How Can a DWI Conviction Impact Your Ability to Get Custody In Texas?
How a DWI Can Affect Your Custody Case
If you’ve recently found yourself in a position you never imagined — discussing the division of assets, debts, and even your children — you may be wondering what you can do to preserve your ability to see your children on a regular basis after you and your spouse are no longer together. These worries can be exacerbated if you’re dealing with a DWI conviction in your past, and competing for custody with someone who has a clean criminal record. The affect of a DWI conviction on your custodial rights (or a custody modification) can be more than most people think.
What affect can a DWI conviction have if you’re fighting for custody during a divorce?
Whether you’re seeking joint or sole custody for the first time or are seeking to modify an existing visitation arrangement, you’ll be expected to demonstrate to a judge why granting custody or visitation to you is in your child’s best interest. Like other criminal convictions, a DWI can be a black mark against your character, and a recent DWI (or multiple convictions) can indicate a substance abuse problem that may also impact your perceived ability to care for your child. In addition, those whose driver’s license has been suspended (or permanently revoked) because of multiple DWI convictions can face an uphill battle when it comes to joint visitation; judges are often reluctant to place all the responsibility of visitation transportation on one parent.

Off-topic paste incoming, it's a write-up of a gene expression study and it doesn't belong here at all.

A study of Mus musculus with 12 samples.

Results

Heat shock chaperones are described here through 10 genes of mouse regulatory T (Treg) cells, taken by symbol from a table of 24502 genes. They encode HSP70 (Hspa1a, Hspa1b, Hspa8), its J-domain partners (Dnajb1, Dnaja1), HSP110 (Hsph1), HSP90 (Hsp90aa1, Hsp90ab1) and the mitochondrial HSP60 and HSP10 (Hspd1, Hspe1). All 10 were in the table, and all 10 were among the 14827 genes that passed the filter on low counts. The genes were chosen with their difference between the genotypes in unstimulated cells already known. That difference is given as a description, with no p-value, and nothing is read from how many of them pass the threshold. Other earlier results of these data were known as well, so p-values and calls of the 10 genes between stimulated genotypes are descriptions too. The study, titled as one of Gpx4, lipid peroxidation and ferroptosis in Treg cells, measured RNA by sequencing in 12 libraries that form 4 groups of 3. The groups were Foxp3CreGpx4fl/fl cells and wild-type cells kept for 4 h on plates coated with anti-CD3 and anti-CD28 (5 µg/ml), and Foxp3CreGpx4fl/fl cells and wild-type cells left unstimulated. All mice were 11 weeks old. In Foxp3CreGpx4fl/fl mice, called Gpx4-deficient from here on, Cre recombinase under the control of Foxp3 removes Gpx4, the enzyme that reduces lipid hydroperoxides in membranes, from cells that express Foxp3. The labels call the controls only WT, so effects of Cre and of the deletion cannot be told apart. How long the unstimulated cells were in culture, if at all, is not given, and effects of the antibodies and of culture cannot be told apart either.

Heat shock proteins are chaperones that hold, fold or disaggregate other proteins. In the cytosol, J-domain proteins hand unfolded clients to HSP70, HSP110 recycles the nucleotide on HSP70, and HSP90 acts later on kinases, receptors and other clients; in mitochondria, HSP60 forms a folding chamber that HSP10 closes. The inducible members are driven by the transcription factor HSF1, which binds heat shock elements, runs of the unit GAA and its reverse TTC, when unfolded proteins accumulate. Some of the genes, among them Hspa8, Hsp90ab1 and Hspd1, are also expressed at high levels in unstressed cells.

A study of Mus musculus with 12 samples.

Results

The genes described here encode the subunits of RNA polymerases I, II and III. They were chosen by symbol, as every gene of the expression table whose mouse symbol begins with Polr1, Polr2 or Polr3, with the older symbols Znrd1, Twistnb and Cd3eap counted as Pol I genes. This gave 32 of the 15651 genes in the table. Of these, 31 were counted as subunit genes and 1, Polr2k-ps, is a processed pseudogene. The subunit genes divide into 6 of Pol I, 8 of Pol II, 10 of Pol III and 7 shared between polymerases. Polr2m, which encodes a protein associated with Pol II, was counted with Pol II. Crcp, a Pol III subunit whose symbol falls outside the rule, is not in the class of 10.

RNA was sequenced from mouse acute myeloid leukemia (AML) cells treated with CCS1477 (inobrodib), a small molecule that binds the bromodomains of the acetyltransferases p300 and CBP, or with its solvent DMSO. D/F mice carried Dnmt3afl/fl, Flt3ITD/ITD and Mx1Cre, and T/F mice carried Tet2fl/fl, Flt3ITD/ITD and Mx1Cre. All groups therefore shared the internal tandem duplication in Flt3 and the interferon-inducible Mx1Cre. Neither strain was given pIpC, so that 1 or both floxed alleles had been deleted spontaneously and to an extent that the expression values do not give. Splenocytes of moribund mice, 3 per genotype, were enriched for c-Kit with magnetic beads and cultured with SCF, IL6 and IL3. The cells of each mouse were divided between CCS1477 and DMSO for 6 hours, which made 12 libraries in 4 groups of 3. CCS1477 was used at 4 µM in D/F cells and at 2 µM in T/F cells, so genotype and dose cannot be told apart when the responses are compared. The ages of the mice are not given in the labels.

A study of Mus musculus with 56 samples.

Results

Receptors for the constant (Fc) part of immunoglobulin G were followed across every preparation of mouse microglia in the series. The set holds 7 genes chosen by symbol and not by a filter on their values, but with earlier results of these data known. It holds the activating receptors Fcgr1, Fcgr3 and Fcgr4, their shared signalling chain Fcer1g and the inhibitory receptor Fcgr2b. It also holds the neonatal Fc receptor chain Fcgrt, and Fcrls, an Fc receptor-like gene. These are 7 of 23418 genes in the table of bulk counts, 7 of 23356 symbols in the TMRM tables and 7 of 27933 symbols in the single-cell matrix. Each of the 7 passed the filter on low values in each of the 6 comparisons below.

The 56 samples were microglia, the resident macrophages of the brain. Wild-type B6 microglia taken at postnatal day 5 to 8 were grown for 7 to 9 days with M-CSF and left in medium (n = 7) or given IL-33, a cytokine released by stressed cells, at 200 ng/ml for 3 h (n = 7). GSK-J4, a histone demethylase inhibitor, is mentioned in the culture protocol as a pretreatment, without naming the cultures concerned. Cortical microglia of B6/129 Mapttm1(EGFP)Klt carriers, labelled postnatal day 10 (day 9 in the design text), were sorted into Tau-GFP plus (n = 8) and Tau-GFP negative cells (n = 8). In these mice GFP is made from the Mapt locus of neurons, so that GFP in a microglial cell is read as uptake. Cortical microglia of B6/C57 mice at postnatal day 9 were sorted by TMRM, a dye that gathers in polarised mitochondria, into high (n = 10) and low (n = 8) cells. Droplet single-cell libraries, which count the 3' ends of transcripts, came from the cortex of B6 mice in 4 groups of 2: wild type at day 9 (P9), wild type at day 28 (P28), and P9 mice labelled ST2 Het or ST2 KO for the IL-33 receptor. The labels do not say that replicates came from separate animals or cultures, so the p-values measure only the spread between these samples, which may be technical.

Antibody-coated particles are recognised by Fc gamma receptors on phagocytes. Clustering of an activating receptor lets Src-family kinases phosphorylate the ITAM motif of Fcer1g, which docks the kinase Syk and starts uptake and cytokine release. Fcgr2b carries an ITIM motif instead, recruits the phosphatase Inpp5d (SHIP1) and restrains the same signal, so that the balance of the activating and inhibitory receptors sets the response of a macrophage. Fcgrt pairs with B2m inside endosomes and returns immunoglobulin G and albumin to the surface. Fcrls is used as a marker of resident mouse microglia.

However, the news isn’t all bad for those who have a DWI conviction. Because Texas treats conservatorship (often termed “custody” in other states) differently and separately from visitation, it’s possible to have visitation (and a regular physical connection with your child) even if your spouse is awarded sole conservatorship. The important thing is to be able to show that the circumstances leading up to your DWI conviction have changed and that you’re committed to remaining sober and being the best possible parent to your child.
What should you do if you’re concerned about the impact of your DWI convictions on a custody matter?
There’s an additional wrinkle for those who were convicted of one or more DWIs in northern Texas, as it was recently discovered that a single lab worker may have mixed up multiple blood samples before or after testing, potentially leading to wrongful convictions (as well as mistaken exonerations) for thousands whose blood samples were processed there. You might also find out that the breath test you were given was faulty, inaccurate, or otherwise invalid. If your conviction falls within the time period at issue and there’s a chance your blood sample could have been processed at this facility, you may want to see whether you can have your final custody hearing postponed until you can determine the likelihood of your DWI conviction being vacated or overturned.
This unusual situation, along with other unique points of Texas law, is why it’s crucial to consult an experienced attorney who is familiar with the nuances that drunk driving charges cause during custody cases in Texas.